Abstract

Motivation: The yeast Saccharomyces cerevisiae is the first eukaryotic organism to have its genome completely sequenced. Since then, several large-scale analyses of the yeast genome have provided extensive functional annotations of individual genes and proteins. One fundamental property of a protein is its subcellular localization, which provides critical information about how this protein works in a cell. An important project therefore was the creation of the yeast GFP fusion localization database by the University of California, San Francisco, USA (UCSF). This database provides localization data for 75% of the proteins believed to be encoded by the yeast genome. These proteins were classified into 22 distinct subcellular location categories by visual examination. Based on our past success at building automated systems to classify subcellular location patterns in mammalian cells, we sought to create a similar system for yeast.

Results: We developed computational methods to automatically analyze the images created by the UCSF yeast GFP fusion localization project. The system was trained to recognize the same location categories that were used in that study. We applied the system to 2640 images, and the system gave the same label as the previous assignments to 2139 images (81%). When only the highest confidence assignments were considered, 94.7% agreement was observed. Visual examination of the proteins for which the two approaches disagree suggests that at least some of the automated assignments may be more accurate. The automated method provides an objective, quantitative and repeatable assignment of protein locations that can be applied to new collections of yeast images (e.g. for different strains or the same strain under different conditions). It is also important to note that this performance could be achieved without requiring colocalization with any marker proteins.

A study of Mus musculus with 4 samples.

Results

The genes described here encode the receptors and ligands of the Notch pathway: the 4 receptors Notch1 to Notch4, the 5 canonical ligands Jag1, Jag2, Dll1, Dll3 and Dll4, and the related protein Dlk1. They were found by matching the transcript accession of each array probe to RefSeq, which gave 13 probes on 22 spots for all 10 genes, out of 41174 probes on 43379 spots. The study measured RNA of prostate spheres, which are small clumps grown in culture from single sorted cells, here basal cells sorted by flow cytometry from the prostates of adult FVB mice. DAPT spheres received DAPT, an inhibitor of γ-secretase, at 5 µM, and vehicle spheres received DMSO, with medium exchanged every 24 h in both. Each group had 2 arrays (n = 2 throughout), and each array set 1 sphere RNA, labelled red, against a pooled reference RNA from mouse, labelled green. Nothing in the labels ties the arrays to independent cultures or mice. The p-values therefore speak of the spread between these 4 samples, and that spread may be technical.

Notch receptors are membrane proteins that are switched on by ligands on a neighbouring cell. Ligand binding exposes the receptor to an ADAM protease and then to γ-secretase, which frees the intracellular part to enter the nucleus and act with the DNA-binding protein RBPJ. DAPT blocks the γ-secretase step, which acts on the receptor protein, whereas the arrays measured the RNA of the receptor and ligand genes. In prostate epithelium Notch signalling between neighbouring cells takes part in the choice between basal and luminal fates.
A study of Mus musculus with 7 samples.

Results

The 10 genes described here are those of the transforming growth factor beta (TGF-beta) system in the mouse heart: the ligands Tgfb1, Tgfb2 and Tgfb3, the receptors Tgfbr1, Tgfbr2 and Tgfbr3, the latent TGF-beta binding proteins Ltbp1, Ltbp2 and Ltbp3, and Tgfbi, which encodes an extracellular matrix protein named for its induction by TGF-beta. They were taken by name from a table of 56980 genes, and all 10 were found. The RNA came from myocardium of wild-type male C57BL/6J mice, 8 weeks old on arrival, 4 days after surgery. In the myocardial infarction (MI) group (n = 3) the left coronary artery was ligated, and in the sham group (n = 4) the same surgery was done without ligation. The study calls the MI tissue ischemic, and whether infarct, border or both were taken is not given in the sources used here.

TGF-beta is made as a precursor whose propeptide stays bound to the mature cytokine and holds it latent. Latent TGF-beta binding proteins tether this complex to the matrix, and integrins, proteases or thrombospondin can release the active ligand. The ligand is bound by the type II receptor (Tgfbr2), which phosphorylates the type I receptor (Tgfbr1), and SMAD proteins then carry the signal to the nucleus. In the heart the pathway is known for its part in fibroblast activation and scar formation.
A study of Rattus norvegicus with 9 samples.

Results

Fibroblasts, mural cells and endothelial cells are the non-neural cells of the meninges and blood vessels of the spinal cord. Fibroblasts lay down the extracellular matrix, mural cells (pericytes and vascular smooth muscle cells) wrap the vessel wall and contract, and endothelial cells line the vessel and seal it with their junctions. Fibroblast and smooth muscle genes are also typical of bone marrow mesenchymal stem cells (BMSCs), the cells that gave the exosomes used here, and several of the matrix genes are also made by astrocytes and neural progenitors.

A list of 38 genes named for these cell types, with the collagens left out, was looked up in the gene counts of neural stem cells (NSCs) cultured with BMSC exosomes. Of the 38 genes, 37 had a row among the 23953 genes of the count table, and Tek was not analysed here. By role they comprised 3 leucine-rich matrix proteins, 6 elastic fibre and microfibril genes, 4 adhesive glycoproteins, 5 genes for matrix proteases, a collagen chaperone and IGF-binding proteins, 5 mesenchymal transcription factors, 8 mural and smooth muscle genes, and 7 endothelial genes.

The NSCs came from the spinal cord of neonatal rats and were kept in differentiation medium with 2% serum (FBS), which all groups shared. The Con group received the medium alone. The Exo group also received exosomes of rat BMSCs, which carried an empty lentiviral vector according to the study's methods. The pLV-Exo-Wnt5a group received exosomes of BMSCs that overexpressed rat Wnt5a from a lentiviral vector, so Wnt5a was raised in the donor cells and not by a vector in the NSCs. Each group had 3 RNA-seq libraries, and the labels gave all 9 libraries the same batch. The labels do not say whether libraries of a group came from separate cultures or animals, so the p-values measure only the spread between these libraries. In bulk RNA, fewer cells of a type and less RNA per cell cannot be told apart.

Availability: The original images analyzed in this article are available at http://yeastgfp.ucsf.edu, and source code and results are available at http://murphylab.web.cmu.edu/software

Contact:murphy@cmu.edu

This is an Open Access article distributed under the terms of the Creative Commons Attribution Non-Commercial License (http://creativecommons.org/licenses/by-nc/2.0/uk/) which permits unrestricted non-commercial use, distribution, and reproduction in any medium, provided the original work is properly cited.